New York City health officials announced today new lows in tuberculosis (TB) cases on the eve of World TB Day tomorrow. The health department says TB cases in NYC reached a new, historic low of 585 cases in 2014, and TB incidence decreased 10 percent to a rate of 7.2 cases per 100,000 people.

New York City Skyline/Barvinok (Sylius)
New York City Skyline/Barvinok (Sylius)

However, TB continues to disproportionately affect foreign-born New Yorkers, with 85 percent of total TB cases among individuals born outside the United States. China was the most common country of birth for TB cases in 2014, exceeding the number of cases born in the United States.

Related: TB outbreak reported in Chinese-born adults in Brooklyn

“The 10 percent decline in the number of TB cases from a year ago is promising, but more can be done to reduce the number of cases in New York City,” said Health Commissioner Dr. Mary T. Bassett. “Though TB is treatable and curable, the disease disproportionally impacts certain populations in New York City. To address this, we are collaborating with community-based organizations, elected officials, and other agencies to improve TB prevention and control in the areas with the highest rates. We also encourage healthcare providers to test and treat people who are at risk, and New Yorkers who may be at an increased risk are advised to speak with a medical provider.”

Although there have been great strides in reducing TB, New York City has the highest number of TB cases of any city in the nation and more than twice the 2014 national rate of 3.0 per 100,000. According to the 2014 data, Queens continued to have the highest burden of TB in 2014 with 36 percent of the city’s cases, at a rate of 9.2 per 100,000. The neighborhood with the highest rate of TB is Sunset Park in Brooklyn, with a rate of 23.1 per 100,000, which is more than three times the citywide rate. The Health Department continues to work with healthcare providers and communities to promote TB screening as well as to introduce new technology for more efficient and effective treatment regimens.

Mycobacterium tuberculosis /Janice Haney Carr
Mycobacterium tuberculosis /Janice Haney Carr

Tuberculosis, or TB, is a serious disease caused by the bacterium Mycobacterium tuberculosis. With proper care and treatment, TB can be prevented and cured. There is a difference between TB infection and active TB disease. TB infection means that TB bacteria are living in the body but not causing any symptoms. People with TB infection do not feel sick and cannot spread the disease. Symptoms of TB disease may include weight loss, a persistent cough lasting longer than three weeks, chest pain, coughing up blood or phlegm, loss of appetite, chills, fever or night sweats. TB disease is spread from person to person through the air, and usually affects the lungs.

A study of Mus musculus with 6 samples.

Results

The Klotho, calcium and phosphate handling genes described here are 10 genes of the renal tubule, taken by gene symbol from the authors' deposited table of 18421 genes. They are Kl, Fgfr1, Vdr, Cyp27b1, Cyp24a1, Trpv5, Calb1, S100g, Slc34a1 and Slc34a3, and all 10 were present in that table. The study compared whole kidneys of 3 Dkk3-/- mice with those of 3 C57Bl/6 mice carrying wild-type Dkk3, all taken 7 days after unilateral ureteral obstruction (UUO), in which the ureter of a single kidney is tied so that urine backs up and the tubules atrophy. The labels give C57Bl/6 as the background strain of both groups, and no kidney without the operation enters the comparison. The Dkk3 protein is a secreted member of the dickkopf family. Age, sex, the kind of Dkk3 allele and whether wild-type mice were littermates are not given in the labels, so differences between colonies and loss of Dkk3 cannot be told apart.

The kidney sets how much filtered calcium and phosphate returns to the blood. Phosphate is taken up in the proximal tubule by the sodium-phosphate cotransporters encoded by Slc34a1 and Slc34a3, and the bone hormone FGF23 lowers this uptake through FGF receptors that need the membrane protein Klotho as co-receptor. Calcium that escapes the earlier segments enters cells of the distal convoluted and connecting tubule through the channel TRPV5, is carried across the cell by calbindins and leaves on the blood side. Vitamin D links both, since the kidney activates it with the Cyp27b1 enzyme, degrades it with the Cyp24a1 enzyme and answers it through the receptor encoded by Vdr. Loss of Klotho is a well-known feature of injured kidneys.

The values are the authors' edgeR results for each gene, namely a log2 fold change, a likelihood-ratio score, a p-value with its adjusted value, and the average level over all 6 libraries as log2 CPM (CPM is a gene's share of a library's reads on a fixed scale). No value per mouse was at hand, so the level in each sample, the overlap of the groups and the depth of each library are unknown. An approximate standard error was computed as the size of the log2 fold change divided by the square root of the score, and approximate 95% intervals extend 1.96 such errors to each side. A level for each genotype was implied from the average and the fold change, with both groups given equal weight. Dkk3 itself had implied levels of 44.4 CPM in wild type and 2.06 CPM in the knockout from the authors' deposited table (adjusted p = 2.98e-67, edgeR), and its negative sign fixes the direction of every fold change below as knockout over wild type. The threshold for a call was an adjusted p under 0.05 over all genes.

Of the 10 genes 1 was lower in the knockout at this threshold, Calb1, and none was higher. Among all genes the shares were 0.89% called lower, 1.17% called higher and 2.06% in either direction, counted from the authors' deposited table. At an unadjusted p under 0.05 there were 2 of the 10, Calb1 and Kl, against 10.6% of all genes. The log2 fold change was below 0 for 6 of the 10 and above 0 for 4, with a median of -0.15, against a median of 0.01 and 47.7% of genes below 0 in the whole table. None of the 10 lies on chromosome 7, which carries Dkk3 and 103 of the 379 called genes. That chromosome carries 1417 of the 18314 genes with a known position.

When a person who is sick with TB coughs, sneezes, or sings, they put TB germs in the air. Other people may breathe in the TB germs, and some may become sick. People usually get TB germs in their bodies only when they spend a long time around someone who is sick with TB — for example, if they live or work with someone with TB. Brief contact with people who are sick with TB (such as on trains or buses) is unlikely to give a person TB. TB is not spread by shaking hands, sharing food or through sexual activity. Most people do not know they have TB until they become sick. That is why it is a good idea for people at high risk for TB to get tested.

The World Health Organization says World TB Day, 24 March, is an opportunity to raise awareness about the burden of tuberculosis (TB) worldwide and the status of TB prevention and control efforts. WHO’s End TB Strategy envisions a world free of TB with zero deaths, disease and suffering. It sets targets and outlines actions for governments and partners to provide patient-centred care, pursue policies and systems that enable prevention and care, and drive research and innovations needed to end the epidemic and eliminate TB.

On World TB Day 2015, WHO calls on governments, affected communities, civil society organizations, health-care providers, and international partners to join the drive to roll out this strategy and to reach, treat and cure all those who are ill today.

Tuberculosis (TB) is second only to HIV/AIDS as the greatest killer worldwide due to a single infectious agent. In 2013, 9 million people fell ill with TB and 1.5 million died from the disease.

Globally in 2013, an estimated 480 000 people developed multidrug resistant TB (MDR-TB).

The good news is the TB death rate dropped 45% between 1990 and 2013 and an estimated 37 million lives were saved through TB diagnosis and treatment between 2000 and 2013.